Life after Life, a really smart, inventive novel, is that Ursula Todd, born to an upper class English family on a snowy night in February 1910 keeps dying, but then gets to live her life over and over again.
The central question of the novel is this: If we get infinite chances to get it right, will we ever actually get it right? We follow Ursula through childhood, and then several different scenarios of her teen years — including one that is very traumatic. Then we follow her through several different scenarios of adulthood — once she gets married, mostly she doesn't. Once, she lives in pre-war Germany, but mostly she's in England dodging bombs during the German Blitz of London during World War II.
This constant re-starting of the story may sound like it could read to a confusing or repetitive reading experience, but Atkinson is very good at orienting you in time and giving you clues to figure out what has changed and what has stayed the same, so she doesn't have to start from scratch each time. It's what makes the novel work, when it could've easily been a disaster.
One of the main themes of the novel is the characters' vastly different views on marriage. Ursula's mom Sylvie, who is kind of a cranky, cynical woman throughout the novel, sees marriage as a necessary evil. And that influences Ursula in different ways in different versions of her life throughout the novel. Ursula's Aunt Izzie, the polar opposite of Ursula's mother, and a huge influence on Ursula as well (she always bailing Ursula out of tight spots) has a vastly different view on marriage. Izzie tells Sylvia: "For me, marriage is about freedom. For you it has always been about the vexations of confinement."
Another noteworthy theme is Atkinson's take on how life imitates art for these characters. Characters, Ursula especially, are constantly thinking about quotes by Shakespeare and Shelley and Donne and Keats and other poets and writers. I loved that idea in this novel — as your life is constantly unmoored, art can be a settling influence. As one example that most everyone will recognize, "The Reich, Ursula had concluded a long time ago, was all pantomime and spectacle, "A tale told by an idiot, full of sound and fury, she wrote to (her sister)."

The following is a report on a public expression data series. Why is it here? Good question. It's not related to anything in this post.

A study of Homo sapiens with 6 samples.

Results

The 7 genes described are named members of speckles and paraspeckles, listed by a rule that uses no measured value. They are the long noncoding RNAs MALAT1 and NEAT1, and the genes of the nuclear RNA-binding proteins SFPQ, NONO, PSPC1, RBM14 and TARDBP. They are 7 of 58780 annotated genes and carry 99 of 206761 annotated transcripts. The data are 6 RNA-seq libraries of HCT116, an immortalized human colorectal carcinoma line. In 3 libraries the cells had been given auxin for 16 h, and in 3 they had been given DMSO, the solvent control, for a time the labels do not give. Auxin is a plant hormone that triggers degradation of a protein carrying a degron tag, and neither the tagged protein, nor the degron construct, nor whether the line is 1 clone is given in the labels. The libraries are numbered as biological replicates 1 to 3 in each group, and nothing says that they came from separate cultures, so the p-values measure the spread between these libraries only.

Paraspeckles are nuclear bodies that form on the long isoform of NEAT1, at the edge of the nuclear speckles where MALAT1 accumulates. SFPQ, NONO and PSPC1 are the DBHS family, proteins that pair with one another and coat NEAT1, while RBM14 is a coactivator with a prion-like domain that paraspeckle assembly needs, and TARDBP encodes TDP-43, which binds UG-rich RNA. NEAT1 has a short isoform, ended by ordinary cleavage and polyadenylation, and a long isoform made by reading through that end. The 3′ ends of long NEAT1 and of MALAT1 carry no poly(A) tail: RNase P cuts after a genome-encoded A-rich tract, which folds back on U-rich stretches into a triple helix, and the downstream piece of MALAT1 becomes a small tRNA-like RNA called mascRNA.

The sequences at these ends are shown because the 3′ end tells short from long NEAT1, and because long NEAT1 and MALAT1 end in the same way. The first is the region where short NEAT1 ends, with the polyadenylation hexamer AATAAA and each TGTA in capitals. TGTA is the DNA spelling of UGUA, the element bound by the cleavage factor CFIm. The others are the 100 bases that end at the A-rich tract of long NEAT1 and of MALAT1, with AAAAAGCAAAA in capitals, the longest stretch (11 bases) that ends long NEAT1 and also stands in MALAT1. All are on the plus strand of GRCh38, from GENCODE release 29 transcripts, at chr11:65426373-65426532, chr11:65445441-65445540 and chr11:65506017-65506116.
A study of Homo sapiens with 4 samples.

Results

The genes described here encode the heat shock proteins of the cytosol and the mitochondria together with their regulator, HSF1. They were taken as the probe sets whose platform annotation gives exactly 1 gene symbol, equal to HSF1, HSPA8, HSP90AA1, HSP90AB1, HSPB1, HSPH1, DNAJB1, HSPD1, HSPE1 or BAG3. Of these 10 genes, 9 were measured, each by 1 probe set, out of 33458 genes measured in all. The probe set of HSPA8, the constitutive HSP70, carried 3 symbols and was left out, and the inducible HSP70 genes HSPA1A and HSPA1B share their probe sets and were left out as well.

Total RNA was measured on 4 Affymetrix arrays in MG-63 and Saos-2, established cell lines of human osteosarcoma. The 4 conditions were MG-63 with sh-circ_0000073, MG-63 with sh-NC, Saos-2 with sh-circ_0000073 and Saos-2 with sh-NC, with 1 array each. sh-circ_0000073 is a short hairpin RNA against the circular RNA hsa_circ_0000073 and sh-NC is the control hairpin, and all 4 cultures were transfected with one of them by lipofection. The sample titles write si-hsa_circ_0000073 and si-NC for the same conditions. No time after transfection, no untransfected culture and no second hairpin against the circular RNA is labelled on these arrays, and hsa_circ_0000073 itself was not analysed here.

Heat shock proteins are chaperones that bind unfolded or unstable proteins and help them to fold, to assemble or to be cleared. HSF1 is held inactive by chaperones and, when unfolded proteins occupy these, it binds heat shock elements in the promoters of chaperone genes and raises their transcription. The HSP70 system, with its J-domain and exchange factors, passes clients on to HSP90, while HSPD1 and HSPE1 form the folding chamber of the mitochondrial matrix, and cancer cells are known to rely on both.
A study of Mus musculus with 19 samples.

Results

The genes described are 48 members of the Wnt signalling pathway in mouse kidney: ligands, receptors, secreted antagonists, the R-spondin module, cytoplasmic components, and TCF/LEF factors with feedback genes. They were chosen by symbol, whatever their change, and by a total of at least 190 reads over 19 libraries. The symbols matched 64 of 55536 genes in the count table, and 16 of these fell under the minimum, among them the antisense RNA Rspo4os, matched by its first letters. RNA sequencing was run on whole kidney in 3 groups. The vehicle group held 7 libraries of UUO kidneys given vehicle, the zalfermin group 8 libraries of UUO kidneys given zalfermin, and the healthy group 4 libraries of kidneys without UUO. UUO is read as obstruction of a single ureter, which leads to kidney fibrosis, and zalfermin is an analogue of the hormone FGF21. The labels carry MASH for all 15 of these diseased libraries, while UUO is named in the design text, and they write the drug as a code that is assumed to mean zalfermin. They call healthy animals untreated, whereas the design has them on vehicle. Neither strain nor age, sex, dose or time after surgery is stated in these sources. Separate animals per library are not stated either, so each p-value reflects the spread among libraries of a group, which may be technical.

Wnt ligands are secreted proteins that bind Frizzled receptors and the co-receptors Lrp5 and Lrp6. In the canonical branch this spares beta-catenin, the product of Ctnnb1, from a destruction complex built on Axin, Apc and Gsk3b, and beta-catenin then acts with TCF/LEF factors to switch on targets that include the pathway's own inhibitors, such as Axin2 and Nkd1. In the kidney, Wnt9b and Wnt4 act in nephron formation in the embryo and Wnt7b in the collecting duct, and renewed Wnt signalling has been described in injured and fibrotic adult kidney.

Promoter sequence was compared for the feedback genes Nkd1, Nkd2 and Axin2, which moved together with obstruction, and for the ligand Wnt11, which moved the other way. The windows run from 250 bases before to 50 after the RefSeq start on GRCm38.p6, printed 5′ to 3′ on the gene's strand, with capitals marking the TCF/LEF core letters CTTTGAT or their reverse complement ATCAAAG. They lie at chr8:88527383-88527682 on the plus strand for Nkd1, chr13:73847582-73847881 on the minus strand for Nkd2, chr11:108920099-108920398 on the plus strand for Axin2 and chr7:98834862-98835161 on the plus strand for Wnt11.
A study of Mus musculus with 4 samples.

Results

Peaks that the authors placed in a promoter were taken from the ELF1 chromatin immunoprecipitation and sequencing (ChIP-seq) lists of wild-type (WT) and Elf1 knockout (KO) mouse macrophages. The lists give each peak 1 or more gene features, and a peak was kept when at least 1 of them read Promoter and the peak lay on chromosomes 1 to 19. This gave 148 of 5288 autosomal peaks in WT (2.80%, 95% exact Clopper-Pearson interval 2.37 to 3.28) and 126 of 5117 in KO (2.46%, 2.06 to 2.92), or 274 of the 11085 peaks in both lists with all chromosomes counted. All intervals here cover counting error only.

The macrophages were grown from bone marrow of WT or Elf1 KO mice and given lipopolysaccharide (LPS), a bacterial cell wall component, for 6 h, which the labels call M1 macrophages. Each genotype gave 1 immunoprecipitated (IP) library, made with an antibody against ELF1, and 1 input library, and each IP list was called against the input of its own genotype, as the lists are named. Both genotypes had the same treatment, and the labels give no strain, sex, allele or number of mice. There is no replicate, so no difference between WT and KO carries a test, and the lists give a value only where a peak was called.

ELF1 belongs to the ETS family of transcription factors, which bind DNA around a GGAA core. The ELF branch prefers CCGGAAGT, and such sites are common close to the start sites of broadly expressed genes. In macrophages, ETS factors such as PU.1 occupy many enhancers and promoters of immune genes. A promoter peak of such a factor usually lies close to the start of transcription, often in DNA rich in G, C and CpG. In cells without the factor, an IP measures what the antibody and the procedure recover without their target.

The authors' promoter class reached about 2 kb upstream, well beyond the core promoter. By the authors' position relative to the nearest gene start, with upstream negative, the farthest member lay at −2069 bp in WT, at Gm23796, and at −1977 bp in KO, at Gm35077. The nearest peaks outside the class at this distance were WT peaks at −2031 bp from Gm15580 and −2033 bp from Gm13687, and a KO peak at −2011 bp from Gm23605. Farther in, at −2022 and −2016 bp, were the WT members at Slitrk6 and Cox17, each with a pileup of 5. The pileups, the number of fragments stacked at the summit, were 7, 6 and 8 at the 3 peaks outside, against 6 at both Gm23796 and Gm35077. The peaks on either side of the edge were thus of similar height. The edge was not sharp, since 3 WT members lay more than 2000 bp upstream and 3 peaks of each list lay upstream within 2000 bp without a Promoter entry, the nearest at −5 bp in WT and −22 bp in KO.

Though I really enjoyed it, the novel's not perfect — despite the fact that the last third is all about war, and therefore should be "exciting," I thought the novel kind of limped to the end. Ursula seems to need a justification for killing Hitler — that's not a spoiler, she actually does that within the first two pages of the novel. So we have to see her deal with the hardships of war. And while Atkinson certainly does an admirable job of portraying the horrors of war, it's these sections that seem more repetitive than at any other point of the novel.
But the middle third is riveting — as page-turny as any literary novel you'll find. So I'd highly recommend this. It's certainly not a "soft-around-the-edges" literary novel as the cover art may indicate.
One final note. This is a quote from the novel that has stuck with me, both for its profundity and the fact that it really hit home: "Ursula craved solitude but she hated loneliness, a conundrum she couldn't even begin to solve."